Budget 2023 misses an opportunity to invest in training more New Zealand doctors to meet the country’s future health workforce shortages, particularly in general practice.
“The Government is continuing to rely on importing doctors from other countries, when there is no doubt we should be training more of our own doctors here,” says University of Waikato Professor of Population Health, Dr Ross Lawrenson.
“A big goal of Te Whatu Ora’s is to increase the number of Māori and Pacific doctors – something that is hard to do when we rely on importing twice as many doctors as we train.”
Dr Lawrenson says the Government has kicked the needed investment in doctor training down the road yet again. “The lack of action means that it will be at least another six years before we will be graduating more than the current 550 doctors a year.”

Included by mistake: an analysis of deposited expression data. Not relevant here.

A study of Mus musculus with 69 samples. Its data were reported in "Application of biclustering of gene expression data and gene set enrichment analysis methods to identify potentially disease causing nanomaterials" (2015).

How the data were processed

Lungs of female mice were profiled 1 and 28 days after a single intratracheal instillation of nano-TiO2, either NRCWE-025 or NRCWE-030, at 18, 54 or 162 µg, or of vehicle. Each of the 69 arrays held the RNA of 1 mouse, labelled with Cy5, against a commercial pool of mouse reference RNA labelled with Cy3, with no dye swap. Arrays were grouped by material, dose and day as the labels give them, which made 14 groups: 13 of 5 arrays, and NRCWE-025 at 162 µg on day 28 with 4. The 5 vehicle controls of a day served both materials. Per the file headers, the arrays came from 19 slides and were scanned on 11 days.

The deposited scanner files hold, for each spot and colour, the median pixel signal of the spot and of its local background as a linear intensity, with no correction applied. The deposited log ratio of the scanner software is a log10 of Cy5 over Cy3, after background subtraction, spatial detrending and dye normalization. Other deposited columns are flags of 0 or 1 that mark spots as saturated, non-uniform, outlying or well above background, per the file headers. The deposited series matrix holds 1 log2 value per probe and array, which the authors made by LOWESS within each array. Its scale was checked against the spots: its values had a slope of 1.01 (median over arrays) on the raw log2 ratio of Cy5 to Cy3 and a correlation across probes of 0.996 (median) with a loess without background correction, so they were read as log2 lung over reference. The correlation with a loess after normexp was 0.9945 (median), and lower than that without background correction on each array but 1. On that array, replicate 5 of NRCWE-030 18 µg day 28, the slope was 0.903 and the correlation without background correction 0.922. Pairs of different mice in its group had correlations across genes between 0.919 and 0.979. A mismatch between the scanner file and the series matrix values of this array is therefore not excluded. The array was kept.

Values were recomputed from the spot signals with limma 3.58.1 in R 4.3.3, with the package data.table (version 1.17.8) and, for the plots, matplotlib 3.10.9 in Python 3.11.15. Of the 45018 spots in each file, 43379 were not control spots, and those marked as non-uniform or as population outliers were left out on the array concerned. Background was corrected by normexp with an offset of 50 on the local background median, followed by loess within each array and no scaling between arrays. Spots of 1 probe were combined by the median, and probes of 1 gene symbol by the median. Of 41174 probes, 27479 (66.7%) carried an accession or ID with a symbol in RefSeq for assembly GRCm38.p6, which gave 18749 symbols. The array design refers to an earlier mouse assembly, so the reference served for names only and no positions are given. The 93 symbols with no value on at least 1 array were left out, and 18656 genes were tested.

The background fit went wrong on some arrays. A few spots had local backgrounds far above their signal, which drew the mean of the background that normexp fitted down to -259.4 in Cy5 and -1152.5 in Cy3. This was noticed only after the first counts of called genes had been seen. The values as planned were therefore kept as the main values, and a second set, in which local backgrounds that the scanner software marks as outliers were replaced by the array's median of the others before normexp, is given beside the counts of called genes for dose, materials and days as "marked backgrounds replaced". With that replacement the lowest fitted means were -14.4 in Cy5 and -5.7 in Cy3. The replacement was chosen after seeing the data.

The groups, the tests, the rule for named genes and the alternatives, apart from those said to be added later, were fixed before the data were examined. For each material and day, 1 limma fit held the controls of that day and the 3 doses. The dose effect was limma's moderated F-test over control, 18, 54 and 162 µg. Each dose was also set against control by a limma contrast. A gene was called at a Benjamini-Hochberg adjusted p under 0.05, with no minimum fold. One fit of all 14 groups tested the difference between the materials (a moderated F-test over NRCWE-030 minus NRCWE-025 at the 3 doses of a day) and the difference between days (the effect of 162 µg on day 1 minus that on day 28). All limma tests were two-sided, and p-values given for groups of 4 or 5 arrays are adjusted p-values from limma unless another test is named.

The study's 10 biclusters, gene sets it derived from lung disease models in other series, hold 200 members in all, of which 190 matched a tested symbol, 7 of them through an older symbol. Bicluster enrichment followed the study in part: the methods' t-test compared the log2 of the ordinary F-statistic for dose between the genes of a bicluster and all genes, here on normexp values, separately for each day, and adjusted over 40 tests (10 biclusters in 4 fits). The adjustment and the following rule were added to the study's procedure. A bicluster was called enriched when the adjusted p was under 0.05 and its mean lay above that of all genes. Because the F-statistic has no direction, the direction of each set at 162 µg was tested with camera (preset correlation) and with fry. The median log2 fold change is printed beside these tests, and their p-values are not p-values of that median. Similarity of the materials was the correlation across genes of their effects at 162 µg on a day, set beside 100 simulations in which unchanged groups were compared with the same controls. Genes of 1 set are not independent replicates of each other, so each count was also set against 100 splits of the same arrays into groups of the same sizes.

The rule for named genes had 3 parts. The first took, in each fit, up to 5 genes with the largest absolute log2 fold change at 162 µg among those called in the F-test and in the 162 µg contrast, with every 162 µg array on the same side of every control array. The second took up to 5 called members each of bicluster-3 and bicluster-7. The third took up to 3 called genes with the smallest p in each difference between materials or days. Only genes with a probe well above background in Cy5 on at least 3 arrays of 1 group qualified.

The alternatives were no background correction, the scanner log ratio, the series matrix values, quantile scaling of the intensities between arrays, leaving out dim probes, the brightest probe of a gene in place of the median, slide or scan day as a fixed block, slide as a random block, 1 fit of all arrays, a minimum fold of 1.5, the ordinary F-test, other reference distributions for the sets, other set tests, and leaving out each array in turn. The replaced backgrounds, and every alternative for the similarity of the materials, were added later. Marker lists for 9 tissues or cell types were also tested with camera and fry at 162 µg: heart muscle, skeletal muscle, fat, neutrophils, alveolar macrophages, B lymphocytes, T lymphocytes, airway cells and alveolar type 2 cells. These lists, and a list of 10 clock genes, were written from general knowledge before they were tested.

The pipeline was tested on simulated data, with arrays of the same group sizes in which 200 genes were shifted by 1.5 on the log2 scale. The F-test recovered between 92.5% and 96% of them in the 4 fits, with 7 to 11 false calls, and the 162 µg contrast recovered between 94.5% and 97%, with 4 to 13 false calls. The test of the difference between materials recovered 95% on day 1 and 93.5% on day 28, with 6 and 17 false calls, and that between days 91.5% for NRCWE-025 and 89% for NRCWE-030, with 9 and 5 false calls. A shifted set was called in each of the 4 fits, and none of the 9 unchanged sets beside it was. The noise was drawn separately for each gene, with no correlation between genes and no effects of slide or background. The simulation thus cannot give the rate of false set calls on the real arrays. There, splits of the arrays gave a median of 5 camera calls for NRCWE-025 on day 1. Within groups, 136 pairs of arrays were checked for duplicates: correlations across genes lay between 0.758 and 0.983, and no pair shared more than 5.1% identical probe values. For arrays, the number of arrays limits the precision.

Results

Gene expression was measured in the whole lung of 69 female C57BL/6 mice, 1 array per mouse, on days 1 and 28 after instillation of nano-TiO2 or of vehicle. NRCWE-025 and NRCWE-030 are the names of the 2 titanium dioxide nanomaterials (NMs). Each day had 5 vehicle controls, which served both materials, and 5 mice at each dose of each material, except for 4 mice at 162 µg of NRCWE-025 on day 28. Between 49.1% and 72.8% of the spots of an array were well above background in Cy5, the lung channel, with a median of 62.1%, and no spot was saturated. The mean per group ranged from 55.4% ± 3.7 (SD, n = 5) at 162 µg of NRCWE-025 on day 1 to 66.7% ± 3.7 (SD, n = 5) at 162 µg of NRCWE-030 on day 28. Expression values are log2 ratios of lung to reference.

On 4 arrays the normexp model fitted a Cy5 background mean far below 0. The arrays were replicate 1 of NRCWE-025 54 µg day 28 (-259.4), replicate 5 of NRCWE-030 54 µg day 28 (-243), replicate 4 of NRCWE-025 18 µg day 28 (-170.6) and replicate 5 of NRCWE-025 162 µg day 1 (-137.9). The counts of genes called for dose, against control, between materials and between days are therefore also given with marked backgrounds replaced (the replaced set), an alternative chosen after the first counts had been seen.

He says New Zealand imported 1232 doctors in 2022, which increased the total number of doctors in New Zealand by 850. “We will need to import many more doctors in future years to meet chronic workforce shortages while we continue to graduate the same number of doctors that we did in 2019.”
It is also incredibly worrying that while the number of doctors has increased by almost 5000 in the past 10 years, the number of GPs has only increased by 260.
“These family doctor shortages result in increasing demand on our hospitals, increasing wait times in our emergency departments and a growing problem of late diagnosis and poorer health outcomes.
“It also leads to more patients being unable to register with a doctor, increasing difficulties in getting an appointment and increasing barriers to getting a free needed prescription.”
Dr Lawrenson says two key areas that are crucial to the health of New Zealanders – training enough doctors and having enough GPs – have been ignored in this wellbeing budget.